Precise yet serene, the design of this Memorial area modern residence was inspired by its globe-trotting owners.

The house’s concrete tilt wall structural system allows for large expanses inside and out with minimal interruptions. Outdoor furniture from Design Within Reach.

Harmony is perhaps the most befitting moniker for Erica and Patrick King’s modern expanse of a home in Houston’s prestigious Memorial neighborhood. Serene and built-to-last also come to mind. These terms could also portray the couple themselves, who, despite the challenges of building a home, clearly remain in sync. They’ve had some practice. Patrick’s career as an energy executive prompted 11 moves together, including a few “within weeks of unpacking,” says Erica, which also bolstered their confidence to craft a modern private oasis in an area historically populated with French, Georgian and Mediterranean mansions. “In the past, we’ve had homes which were more generic, very traditional or more vanilla to appeal to most people, in case we needed to sell and move,” says Erica. “Here, we’ve been able to show our personalities.”

Patrick is a California native drawn to minimalist spaces while Erica, raised near New Orleans, appreciates beauty and functionality. The resulting home is a study in clarity and precision. From the wet room behind the saltwater aquarium, to the unobstructed views of the Koi pond, to the exterior’s honed blue stone that transitions seamlessly into polished stone inside, every element is unified by appreciation and thought. It’s also how they live. “We may go to only one concert a year but we get the best seats in the house,” says Erica. And when it came to designing their latest home, “We were willing to sacrifice size for quality,” she adds. And yet, there is nothing diminutive about the 5,680-square-foot home perched on 2-plus acres of prime real estate on Memorial Drive. Ivy League grads Chuong and Chung Nguyen of Houston’s MC2 Architects were immediately on-board with the scaled-down approach. “We were excited about this attitude of quality of the space rather than size,” says Chung. “There is often an emphasis on amenities or products and the shell of the space isn’t as good or durable.”

The award-winning Nguyens are known for commercial projects such as Houston’s Triniti restaurant and for their innovative contemporary concepts anchored in tilt-up or tilt-wall construction, a building process that pre-casts concrete wall sections before lifting them onto a foundation. The age-old process was modernized prior to WWI by a Camp Logan colonel in Michigan, says Chung, who came up with the idea to prevent bullets rocketing through the wood firing range onto Lake Michigan boaters. “It was fascinating to watch,” says Patrick. “I really appreciate how sturdily our home was built.”

And while this type of construction adds as much as 50 percent onto the cost per square foot, the results are impenetrable walls with 6 inches of reinforced concrete. Solar panels are hidden discreetly on the roof, LED lighting and spray foam insulation function peaceably with the steel, glass and concrete footprint. Sleeping quarters reside on one side of the house. The master opens to views of a garden and lap pool, while the second floor houses two additional bedrooms, an office, media room and fitness area. The living, dining and entertaining areas combine into one voluminous expanse bounded by water. A glass bridge transports the breezeway into a summer kitchen propped by a massive blue stone mosaic and outdoor shower.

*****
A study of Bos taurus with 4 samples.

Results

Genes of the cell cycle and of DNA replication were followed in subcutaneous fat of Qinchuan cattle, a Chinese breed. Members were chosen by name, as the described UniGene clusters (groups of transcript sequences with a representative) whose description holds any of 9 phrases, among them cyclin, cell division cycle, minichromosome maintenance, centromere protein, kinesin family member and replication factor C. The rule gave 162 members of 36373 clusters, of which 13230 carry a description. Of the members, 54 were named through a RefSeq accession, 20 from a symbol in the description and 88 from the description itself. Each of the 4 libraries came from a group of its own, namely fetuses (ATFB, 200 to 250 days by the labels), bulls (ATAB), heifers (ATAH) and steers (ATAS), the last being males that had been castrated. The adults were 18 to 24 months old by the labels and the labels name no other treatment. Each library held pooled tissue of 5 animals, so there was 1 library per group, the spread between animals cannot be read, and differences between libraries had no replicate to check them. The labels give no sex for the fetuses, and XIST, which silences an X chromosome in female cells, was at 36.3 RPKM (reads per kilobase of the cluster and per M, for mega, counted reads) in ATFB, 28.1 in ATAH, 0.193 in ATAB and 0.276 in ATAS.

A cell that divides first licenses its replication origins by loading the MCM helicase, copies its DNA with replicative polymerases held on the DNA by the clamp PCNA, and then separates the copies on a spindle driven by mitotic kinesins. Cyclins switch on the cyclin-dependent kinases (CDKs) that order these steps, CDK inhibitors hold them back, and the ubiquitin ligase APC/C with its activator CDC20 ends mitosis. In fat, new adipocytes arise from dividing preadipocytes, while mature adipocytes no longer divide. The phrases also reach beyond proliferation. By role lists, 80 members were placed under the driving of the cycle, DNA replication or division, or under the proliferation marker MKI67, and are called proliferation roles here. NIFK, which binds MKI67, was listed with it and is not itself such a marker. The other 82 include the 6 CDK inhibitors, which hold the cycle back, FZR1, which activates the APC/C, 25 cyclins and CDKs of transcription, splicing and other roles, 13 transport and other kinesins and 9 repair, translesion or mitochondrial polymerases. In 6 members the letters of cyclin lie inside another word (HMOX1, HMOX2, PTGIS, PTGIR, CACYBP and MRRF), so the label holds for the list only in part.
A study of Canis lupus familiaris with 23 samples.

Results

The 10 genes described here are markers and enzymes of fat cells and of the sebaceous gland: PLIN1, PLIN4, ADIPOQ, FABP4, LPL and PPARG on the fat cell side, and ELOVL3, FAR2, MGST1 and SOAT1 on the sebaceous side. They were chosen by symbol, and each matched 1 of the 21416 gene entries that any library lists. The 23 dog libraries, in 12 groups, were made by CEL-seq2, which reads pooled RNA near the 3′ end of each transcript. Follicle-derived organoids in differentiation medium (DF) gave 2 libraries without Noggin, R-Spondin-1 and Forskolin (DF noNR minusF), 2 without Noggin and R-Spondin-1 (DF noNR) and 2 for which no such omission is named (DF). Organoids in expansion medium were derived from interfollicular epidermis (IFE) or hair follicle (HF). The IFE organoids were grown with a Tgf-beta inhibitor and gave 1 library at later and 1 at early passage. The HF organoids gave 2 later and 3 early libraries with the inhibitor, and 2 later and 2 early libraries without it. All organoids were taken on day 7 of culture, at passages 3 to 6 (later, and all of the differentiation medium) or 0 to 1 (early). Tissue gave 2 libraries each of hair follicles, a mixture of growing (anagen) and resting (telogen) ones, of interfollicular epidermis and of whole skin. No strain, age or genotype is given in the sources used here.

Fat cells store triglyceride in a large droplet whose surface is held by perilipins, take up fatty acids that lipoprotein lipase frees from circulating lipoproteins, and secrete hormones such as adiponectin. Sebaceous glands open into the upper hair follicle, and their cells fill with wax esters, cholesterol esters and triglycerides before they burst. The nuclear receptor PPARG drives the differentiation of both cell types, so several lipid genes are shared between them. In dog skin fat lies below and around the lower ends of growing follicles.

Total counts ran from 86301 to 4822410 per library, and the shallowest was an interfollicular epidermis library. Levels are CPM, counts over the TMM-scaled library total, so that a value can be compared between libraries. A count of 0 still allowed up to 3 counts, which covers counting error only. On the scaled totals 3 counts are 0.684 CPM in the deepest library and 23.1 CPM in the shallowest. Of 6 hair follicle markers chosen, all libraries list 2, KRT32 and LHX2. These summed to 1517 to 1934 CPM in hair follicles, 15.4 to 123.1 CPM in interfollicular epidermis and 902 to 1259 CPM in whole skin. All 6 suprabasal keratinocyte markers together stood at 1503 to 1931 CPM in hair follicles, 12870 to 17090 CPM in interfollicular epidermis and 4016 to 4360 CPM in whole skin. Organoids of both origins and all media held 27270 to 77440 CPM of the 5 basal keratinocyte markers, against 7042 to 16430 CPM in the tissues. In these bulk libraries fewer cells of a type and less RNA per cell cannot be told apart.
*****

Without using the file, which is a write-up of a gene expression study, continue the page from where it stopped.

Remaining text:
For the interiors, the couple drew on their experiences living overseas, where the dark wood floors of their London penthouse inspired the flooring of their Houston dream house. “I wanted to define the palette with dark floors and white walls,” says Patrick. “I told Erica how ever she wanted to adorn it was fine with me as long as I had veto power.”

Guided by alabaster and volcanic rock hues, Erica coaxed texture and symmetry with waves of fish in the aquarium and choice pieces of art; a commissioned Mel Briggs in the entry, a Chihuly discovered in Hawaii and a dramatic Steven DaLuz canvas above the dining console. She linked the gold leaf from the painting with an abstract Madison Lilly rug that’s under a massive glass coffee table in the living room, moored by a pair of 7-foot-long thundercloud gray velvet sofas.

“A decorator told me I wasn’t going to love everything that goes into the house,” says Erica, “but I thought, au contraire, I’m not going to populate my home with things I didn’t love, whether it was the flatware or the art.” Working with the architects, they also customized a massive black walnut dining table—which took eight men to assemble—grounding the space with sculptural dimension. Baker vases subtly highlight both planes.

Summing up the experience, Patrick says, “When you love everything in your home, you know you’ve done it right.”